We all grieve in different ways, but one thing is certain: it’s possible for the heartache to overtake our lives and make essential tasks seem impossible. While duties that once seemed simple may take a toll on us both physically and emotionally when grieving, there are different ways we can center our emotions during the coping process.
For some, attending a grief support group or talking with a trusted loved one may be all it takes to return to our everyday routine. For others, an artistic or physical activity like painting or running can assist during a bereavement period.
Consider turning to a different medium as you travel through the ups and downs of grief: reading. According to the Northern Illinois University, many individuals find it affirming to read what others have experienced during times of grief.
Check out the list below of five books to add to your reading list while you grieve or as recommendations for a friend who recently lost a loved one.
1. “Tuesdays with Morrie: An Old Man, a Young Man, and Life’s Greatest Lessons” by Mitch Albom
Commonly referred to as “Tuesdays with Morrie,” this book has remained on several best-selling book lists. And for good reasons.
The book chronicles the relationship between a spiritual mentor and his pupil, and the profound impact an individual can have on our lives. Perfect for any age group, “Tuesdays with Morrie” focuses on the importance of reflection when one passes — from the life lessons they shared with us to the gift they left to the world.
Click here to purchase “Tuesdays with Morrie” on Amazon.
2. “A Grief Observed” by C.S. Lewis
You may recognize the name C.S. Lewis from his famous “The Chronicles of Narnia” series, but Lewis also expanded his literary talents to more thought-provoking work. Following the death of his wife, C.S. Lewis wrote “A Grief Observed,” which details his real-life struggles with grief. Lewis’ book can help us accept the raw emotions we feel after a loved one’s death, and how it’s possible to regain a sense of self during the stages of grief.
Click here to purchase “A Grief Observed” on Amazon.
3. “Death’s Door: Modern Dying and the Ways We Grieve” by Sandra M. Gilbert
If you’re interested in the scientific and physiological ways we grieve, then Gilbert’s “Death’s Door: Modern Dying and the Ways We Grieve” is for you. This book explores how death and the grieving process have changed over the last century. Gilbert explores specific historical events, including the Holocaust and 9/11, as well as photographs, memoirs and more to reinforce her thoughts on the transformation of grief.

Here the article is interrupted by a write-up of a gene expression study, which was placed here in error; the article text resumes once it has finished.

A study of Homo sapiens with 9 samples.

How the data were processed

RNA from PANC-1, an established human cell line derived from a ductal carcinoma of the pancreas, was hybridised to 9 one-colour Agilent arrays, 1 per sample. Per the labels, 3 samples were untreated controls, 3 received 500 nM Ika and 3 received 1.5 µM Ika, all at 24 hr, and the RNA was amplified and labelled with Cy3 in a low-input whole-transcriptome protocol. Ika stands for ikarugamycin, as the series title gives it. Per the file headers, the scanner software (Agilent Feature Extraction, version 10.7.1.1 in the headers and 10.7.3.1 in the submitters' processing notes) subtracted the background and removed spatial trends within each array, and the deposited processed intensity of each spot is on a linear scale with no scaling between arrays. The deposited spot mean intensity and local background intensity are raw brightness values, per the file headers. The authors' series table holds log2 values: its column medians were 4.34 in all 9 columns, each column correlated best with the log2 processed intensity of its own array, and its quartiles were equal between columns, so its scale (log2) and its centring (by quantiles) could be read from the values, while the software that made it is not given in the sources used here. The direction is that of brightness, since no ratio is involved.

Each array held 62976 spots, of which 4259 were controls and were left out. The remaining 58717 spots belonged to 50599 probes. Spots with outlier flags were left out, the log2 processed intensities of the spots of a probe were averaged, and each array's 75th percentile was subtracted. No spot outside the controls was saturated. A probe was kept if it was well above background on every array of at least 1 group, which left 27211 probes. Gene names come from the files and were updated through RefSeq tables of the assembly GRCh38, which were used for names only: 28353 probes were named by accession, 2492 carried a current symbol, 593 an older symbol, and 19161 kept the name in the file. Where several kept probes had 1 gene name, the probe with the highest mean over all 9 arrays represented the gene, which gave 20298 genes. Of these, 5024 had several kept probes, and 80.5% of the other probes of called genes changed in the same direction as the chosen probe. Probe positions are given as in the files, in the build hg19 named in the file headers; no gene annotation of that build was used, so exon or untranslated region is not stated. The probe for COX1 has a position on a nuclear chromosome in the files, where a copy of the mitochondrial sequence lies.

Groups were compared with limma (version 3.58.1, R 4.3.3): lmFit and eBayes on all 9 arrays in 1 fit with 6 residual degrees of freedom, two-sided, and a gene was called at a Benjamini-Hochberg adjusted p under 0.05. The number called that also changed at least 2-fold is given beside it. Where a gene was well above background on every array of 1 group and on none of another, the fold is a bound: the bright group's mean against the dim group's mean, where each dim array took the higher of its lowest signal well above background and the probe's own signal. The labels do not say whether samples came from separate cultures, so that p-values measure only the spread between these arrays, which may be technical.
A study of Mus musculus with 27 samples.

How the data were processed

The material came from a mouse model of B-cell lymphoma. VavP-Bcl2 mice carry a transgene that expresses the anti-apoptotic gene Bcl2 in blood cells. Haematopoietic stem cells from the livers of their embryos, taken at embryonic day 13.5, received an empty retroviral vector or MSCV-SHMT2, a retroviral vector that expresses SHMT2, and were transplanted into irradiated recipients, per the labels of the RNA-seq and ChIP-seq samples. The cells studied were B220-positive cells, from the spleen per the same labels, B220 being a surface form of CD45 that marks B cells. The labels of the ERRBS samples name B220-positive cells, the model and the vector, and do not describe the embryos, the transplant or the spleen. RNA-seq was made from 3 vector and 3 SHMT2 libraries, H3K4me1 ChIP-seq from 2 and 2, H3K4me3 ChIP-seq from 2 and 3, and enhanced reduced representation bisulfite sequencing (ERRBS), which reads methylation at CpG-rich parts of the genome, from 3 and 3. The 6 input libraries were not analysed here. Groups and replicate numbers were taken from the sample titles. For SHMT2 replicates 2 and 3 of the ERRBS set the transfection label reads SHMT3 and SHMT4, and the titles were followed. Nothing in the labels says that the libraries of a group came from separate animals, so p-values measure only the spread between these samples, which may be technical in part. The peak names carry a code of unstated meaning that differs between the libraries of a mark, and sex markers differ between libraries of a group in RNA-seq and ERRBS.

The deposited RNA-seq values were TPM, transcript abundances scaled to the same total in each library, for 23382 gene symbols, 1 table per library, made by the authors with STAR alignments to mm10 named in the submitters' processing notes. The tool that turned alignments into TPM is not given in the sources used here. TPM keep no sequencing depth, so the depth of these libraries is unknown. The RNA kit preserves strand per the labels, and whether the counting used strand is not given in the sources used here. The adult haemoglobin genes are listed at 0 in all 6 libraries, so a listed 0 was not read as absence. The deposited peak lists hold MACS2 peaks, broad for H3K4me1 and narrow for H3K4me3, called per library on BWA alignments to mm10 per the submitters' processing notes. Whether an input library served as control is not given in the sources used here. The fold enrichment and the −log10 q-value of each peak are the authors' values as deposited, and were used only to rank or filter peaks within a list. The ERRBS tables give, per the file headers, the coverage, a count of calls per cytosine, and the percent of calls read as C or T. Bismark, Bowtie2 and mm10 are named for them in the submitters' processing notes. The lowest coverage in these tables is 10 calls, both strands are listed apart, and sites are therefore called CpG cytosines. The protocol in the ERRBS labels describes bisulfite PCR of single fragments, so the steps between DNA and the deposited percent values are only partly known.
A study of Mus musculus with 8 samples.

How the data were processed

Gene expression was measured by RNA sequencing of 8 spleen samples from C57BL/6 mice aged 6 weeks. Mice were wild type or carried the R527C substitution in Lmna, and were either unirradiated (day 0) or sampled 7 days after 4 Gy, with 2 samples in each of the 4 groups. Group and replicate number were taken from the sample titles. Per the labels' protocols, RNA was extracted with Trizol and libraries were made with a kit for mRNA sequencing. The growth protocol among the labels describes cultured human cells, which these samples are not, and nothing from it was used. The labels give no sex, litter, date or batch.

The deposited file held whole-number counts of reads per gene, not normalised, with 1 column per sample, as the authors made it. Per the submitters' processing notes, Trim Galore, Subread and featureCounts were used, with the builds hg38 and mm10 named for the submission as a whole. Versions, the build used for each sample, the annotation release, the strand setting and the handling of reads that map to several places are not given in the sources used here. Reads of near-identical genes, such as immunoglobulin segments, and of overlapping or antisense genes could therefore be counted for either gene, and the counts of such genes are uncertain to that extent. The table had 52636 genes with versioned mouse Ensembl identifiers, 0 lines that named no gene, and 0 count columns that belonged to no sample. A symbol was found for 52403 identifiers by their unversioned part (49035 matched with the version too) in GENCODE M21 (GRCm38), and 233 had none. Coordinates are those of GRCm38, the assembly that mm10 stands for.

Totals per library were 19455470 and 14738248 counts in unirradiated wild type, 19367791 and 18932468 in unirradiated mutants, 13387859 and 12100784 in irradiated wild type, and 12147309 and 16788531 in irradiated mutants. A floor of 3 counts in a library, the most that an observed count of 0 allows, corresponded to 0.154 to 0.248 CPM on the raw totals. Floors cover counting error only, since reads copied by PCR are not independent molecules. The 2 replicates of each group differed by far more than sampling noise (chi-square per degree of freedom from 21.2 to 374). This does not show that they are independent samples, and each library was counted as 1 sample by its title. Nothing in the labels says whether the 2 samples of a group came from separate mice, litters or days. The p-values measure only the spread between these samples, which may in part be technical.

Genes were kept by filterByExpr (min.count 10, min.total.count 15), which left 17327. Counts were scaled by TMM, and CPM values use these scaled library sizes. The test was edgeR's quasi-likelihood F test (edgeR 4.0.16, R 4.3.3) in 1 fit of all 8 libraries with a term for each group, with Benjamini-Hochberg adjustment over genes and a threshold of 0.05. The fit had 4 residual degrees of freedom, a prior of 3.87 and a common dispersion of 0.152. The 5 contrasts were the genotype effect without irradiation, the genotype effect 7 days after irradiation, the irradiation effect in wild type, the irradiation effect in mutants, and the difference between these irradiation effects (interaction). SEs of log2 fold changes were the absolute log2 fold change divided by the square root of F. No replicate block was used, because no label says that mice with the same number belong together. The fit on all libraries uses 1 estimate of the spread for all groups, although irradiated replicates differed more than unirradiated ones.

Click here to purchase “Death’s Door: Modern Dying and the Ways We Grieve” on Amazon.
4. “I’ll Always Love You” by Hans Wilhelm
Children grieve differently than adults, and it can be challenging to find the right words to help them through mourning. Consider reading the book, “I’ll Always Love You” to your grieving child to help them understand the process of saying goodbye to a loved one.
This book is geared for children younger than second grade and explores the journey of a boy who lost his beloved dog. The story follows the dog’s life from a puppy to its eventual decline and teaches lessons on both bonding and healing after a loss.
Click here to purchase “I’ll Always Love You” on Amazon.
5. “Processing Through Grief: Guided Exercises to Understand Your Emotions and Recover from Loss” by Stephanie Jose
Grief expert Stephanie Jose respects the fact that we all face bereavement with a unique perspective. With that in mind, Jose wrote “Processing Through Grief: Guided Exercises to Understand Your Emotions and Recover from Loss.”
Jose’s book is split into three sections, which touch on the importance of understanding grief, learning skills to cope, and how journaling may be beneficial. The book is designed to serve as a companion during grief and readers are encouraged to take the time to process their feelings while reading.
Click here to purchase “Processing Through Grief: Guided Exercises to Understand Your Emotions and Recover from Loss” on Amazon.
In addition to the books listed above, we also offer all grieving families access to our resource library, which features a variety of guides, brochures, and videos on all aspects of loss. Or, we invite you to contact Busch at any time for questions on cremation, burial, preplanning or grief support.